Speak Up! Your guide to changing the world, online and off

You care deeply about something. You want to spread the word, make a difference, make things better.

Thanks to the internet and social media like Instagram, Snapchat or TikTok, it’s easier than ever to share your views and encourage others to join you in making change. And, due to research conducted as part of the Digital Ecosystem Research Challenge (DERC), we know a lot about how some Canadians are using digital media to get involved in politics. This guide will help show you the ways you can use social networks to make your voice heard and make a difference.

Check out the full guide here, or read on for a quick summary of how you can make a difference online. 


How to interest a wide audience

Learn about issues.

Before you can educate others or advocate for your issue, you need to make sure you understand it.

A lot of people only hear about issues through what’s shared on their social media feeds. This can be a good way to get your news, but people who only get their news this way generally know less about political issues than people who seek out news and information. You can use hashtags or follow experts on social media, or go to news outlets or reliable sources to find out more.

Educate others and raise awareness.

Don’t just use facts and figures – tell a story about a person or group of people directly affected. In the age of social media, personal stories are a lot more likely to spread than facts and figures.

Don’t lecture to people, and don’t make your message all about risk or danger. It’s important to make sure everyone knows about serious issues, of course, but in general people respond better if you base your message on achieving something positive instead of avoiding risks.

Use images and video. Most social networks rank posts with images and video content higher, and people are more likely to interact with them too (sharing, clicking on links, etc.).


How to engage an interested audience

Share what you’re doing.

Sharing is what social media is all about, and it’s also one of the best ways to convince people who are interested in your issue to get more involved. The School Strike for the Climate started with a single strike in Stockholm, Sweden in 2018, and grew to as many as four million people the next year partly because people had learned about it through social media.  

Another way of engaging people in a cause is to show them that other people believe in it. Most of us base our beliefs, at least partly, on what we think most other people believe, and social media can create a “majority illusion” that makes it look like the loudest voices are the majority. If your audience sees that lots of people care about your issue, it will make them a lot more likely to get involved.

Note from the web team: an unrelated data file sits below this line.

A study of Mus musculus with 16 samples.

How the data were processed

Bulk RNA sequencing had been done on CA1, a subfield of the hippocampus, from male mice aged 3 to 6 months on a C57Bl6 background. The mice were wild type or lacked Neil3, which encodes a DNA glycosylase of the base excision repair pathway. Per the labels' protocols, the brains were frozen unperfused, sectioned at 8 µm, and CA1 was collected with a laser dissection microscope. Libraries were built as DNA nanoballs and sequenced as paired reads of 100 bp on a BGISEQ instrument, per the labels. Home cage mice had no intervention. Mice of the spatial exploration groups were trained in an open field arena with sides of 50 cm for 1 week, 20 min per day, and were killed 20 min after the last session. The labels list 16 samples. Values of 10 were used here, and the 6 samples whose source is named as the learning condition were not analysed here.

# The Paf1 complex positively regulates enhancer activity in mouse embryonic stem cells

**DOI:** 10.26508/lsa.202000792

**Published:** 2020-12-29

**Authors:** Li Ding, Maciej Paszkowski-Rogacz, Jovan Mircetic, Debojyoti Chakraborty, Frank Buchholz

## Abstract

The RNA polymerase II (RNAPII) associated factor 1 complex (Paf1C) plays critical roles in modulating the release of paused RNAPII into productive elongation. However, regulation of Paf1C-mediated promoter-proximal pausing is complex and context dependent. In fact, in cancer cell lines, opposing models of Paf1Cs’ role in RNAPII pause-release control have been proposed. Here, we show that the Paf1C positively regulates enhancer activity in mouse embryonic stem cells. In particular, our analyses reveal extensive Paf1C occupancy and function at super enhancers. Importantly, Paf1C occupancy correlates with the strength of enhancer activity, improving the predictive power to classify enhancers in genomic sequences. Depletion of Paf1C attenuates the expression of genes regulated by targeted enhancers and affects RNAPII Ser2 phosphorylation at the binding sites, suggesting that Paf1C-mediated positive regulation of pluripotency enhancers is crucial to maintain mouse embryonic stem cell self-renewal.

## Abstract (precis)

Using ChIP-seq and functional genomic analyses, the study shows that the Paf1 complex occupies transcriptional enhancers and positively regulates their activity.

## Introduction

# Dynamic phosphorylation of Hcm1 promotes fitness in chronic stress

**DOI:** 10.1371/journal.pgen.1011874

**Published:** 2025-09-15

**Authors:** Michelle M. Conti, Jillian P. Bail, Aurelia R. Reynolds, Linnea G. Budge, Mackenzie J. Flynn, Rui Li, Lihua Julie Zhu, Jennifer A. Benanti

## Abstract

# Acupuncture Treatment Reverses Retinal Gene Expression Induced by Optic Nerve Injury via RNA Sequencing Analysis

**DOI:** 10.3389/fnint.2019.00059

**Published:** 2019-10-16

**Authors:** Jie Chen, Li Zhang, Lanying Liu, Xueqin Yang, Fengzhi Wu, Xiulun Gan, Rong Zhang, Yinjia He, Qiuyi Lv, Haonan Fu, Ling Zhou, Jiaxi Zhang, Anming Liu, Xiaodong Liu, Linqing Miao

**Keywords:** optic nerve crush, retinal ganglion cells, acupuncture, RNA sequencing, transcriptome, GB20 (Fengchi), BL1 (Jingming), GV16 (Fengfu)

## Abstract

Connect with other people who care about the same things.

Social media is also about making connections, and it can be a great way to find other people who care about the same issues as you. You can do things like search hashtags or see who other people are following to find allies you didn’t know you had.

Connecting can be a way for you to be an ally, too, and support people who need your help with their activism.

Amplify other people’s voices.

Don’t just use social media to promote your own voice: once you have a platform, you can use it to help other people be heard as well. You can do this through a hashtag that invites other people to speak out, but you can also make a point of inviting and sharing voices that might otherwise not be heard.

How to mobilize an engaged audience

Advocate for your issue.

There’s no shortage of ways that you can use social media to advocate for your issue. Because most politicians, corporations and government agencies have a social media presence, you can connect directly with them. You can also get their attention indirectly by tagging them or using hashtags.

Organize for online and offline action.

Whether you’re trying to change people’s minds, change the world, or both, you have a lot more impact when you’re not doing it alone. Social media can let you work together with people from around the world who care about your issue, and sometimes it can be the best way to organize people in your own neighbourhood.

Some platforms, like Change.org, Dosomething.org and Ushaidi.com, were made for activism, but you can use the platforms that you and your audience are already on too.

Energize yourself and others.

It can be hard to keep from getting discouraged, and even the most committed people in your movement can get burned out and drift away. You can keep them (and yourself) engaged by sharing your successes, and your frustrations too. Have fun and make it social by sharing funny memes and videos as well as more serious stuff. But remember that to keep your audience you must always be respectful – campaigns and their followers can quickly be lost by unkind or unfair content.


Read the full Speak Up! guide here.

The Digital Ecosystem Research Challenge was made possible in part by the Government of Canada through a History Fund Grant.